John Paul Mitchell Systems has tapped world famous portrait photographer Annie Leibovitz to shoot its 2007 advertising campaign. The four-page inserts are scheduled to appear in April beauty and lifestyle magazines, including Vogue, Glamour and In Style. John Paul DeJoria, chief executive officer of JPMS and the company's co-founder, said he knew Leibovitz would be the best photographer to capture the essence of his environmental and family values beliefs.
"Annie, in my opinion, is one of the best portrait photographers in the world. When we were ready to shoot the new campaign, I said, 'I would love to get Annie,'" said DeJoria.
Leibovitz is best known for her portraits of celebrities, including John Lennon and Andy Warhol, and everyday people, such as female coal miners, astronauts and teachers.
The images, which feature DeJoria; his wife, Eloise, and his son John Anthony, aim to capture DeJoria's love for his family and nature, things that also reflect his professional hair care company's core values.
"Family values is cool. Nature is good," DeJoria said.
The shoot took place on a private ranch on the California coast just north of Santa Barbara.
"We started in Malibu and finally found the location that would best combine beauty and nature," DeJoria said.
The ads do not feature any of the company's products, a departure for the industry — and the company.
"The ads are selling a message, not the products," DeJoria said. "It is my obligation to make the world a better place to live." He cited several of his company's and personal philanthropic efforts, including giving jobs to the homeless, planting forests and visiting areas in Africa to remove land mines.
The first two ad pages feature the DeJoria family on a beach, alongside copy that explains the company's goal of protecting the planet for future generations. The third and fourth pages show Eloise cradling her son, and DeJoria cradling Eloise.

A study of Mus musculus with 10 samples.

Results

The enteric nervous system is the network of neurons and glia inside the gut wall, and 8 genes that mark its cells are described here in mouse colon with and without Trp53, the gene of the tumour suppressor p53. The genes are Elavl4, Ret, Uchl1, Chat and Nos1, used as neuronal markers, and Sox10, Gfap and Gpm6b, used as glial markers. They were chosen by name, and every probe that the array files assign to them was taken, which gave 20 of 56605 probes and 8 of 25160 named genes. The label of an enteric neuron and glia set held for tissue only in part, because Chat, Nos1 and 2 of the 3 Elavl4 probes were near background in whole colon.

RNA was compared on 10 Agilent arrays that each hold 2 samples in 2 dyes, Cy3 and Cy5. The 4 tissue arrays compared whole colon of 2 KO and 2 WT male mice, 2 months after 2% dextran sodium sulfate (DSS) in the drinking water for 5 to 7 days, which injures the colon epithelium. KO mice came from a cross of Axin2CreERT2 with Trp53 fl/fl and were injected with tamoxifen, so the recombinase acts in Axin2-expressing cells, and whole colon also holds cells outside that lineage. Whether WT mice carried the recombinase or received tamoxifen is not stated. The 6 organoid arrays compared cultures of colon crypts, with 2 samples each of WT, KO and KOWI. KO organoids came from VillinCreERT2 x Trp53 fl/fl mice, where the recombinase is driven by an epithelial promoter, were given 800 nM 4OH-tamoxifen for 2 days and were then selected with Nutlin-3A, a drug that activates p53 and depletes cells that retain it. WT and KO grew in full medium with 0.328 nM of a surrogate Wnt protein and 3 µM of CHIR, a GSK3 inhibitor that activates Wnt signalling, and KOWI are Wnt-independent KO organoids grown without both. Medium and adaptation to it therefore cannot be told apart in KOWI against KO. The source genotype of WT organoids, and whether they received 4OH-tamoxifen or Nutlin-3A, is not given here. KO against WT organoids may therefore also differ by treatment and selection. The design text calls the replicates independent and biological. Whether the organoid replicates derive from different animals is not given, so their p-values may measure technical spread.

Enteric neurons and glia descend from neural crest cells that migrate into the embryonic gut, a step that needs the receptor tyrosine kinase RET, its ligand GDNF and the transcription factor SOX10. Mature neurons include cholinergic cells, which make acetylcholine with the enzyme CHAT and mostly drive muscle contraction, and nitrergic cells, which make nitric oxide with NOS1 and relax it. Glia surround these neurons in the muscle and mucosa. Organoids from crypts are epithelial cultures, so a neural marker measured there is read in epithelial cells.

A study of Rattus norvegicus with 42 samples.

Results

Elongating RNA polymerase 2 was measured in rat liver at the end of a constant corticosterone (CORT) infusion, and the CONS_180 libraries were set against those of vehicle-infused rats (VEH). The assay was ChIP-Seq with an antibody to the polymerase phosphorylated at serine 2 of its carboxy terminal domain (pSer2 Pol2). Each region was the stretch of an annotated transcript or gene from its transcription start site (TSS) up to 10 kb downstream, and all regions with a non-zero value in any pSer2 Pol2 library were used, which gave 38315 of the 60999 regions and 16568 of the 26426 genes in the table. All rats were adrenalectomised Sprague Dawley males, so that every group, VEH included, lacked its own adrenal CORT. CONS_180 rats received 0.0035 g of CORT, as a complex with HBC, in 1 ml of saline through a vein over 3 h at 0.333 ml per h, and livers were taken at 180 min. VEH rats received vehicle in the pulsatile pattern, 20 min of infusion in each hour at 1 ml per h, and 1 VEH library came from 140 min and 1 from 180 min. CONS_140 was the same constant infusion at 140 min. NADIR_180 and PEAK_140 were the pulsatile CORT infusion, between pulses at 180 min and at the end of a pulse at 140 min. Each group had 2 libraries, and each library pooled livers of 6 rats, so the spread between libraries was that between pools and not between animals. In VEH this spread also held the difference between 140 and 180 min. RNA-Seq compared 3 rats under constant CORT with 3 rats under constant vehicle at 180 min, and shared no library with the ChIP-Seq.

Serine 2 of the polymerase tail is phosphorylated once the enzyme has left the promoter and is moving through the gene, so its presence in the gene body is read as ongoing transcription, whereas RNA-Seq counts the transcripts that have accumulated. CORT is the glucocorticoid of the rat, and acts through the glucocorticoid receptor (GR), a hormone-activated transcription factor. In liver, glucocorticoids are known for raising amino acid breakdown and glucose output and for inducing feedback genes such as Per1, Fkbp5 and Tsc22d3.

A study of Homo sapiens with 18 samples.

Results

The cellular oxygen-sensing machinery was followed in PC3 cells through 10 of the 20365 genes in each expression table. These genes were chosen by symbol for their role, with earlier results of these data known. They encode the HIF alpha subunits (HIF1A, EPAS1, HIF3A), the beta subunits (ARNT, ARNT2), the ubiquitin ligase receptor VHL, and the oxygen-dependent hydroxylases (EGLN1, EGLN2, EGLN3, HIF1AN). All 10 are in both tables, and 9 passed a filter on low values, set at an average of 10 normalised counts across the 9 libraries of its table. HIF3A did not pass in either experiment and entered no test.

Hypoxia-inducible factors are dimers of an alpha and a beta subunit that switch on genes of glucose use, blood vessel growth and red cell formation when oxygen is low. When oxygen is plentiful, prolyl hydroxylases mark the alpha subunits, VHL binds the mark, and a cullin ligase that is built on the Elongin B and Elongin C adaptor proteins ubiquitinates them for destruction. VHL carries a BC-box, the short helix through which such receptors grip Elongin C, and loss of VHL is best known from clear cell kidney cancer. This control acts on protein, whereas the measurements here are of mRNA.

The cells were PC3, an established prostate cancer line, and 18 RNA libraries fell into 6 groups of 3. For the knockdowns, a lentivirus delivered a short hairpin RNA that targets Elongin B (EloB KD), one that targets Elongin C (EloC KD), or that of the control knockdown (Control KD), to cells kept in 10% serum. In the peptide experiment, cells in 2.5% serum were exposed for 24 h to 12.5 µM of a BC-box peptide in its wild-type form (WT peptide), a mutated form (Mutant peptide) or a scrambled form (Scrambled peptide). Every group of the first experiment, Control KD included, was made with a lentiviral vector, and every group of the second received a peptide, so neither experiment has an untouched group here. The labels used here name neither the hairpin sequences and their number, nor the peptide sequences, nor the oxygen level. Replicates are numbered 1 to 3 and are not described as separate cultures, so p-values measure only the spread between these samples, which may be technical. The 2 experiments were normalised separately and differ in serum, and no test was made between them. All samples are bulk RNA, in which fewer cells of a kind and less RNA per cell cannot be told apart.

DeJoria said the last time the company ran a campaign without products was about 18 years ago, when it featured images of animals.
He added that the company paid extra to make sure the ads featured in Condé Nast publications were printed on post-consumer recycled paper. WWD is owned by Condé Nast. He would not give financial details of the ad campaign, explaining only that the entire effort was "in the millions of dollars" and that the cost of hiring Leibovitz was in the "hundreds of thousands of dollars." He added that his experience with Leibovitz, and the images she created, were "priceless."According to Nanette Bercu, senior vice president of creative for JPMS, "We've already put on the calendar for 2008 another shoot with [Leibovitz]."
Leibovitz is not unfamiliar with the beauty world. She recently photographed Dove's Pro-Age campaign, featuring nude portraits of women over 50 years old.
JPMS, based in Beverly Hills, is one of the last privately owned professional hair care companies in the industry, and ranks in the top three largest brands with approximately $800 million in salon retail sales, according to industry sources, alongside Matrix and Redken, which are both owned by L'Oréal USA.
"Everyone is now jumping on the green wagon. JP has been doing it for 20 years," Bercu said.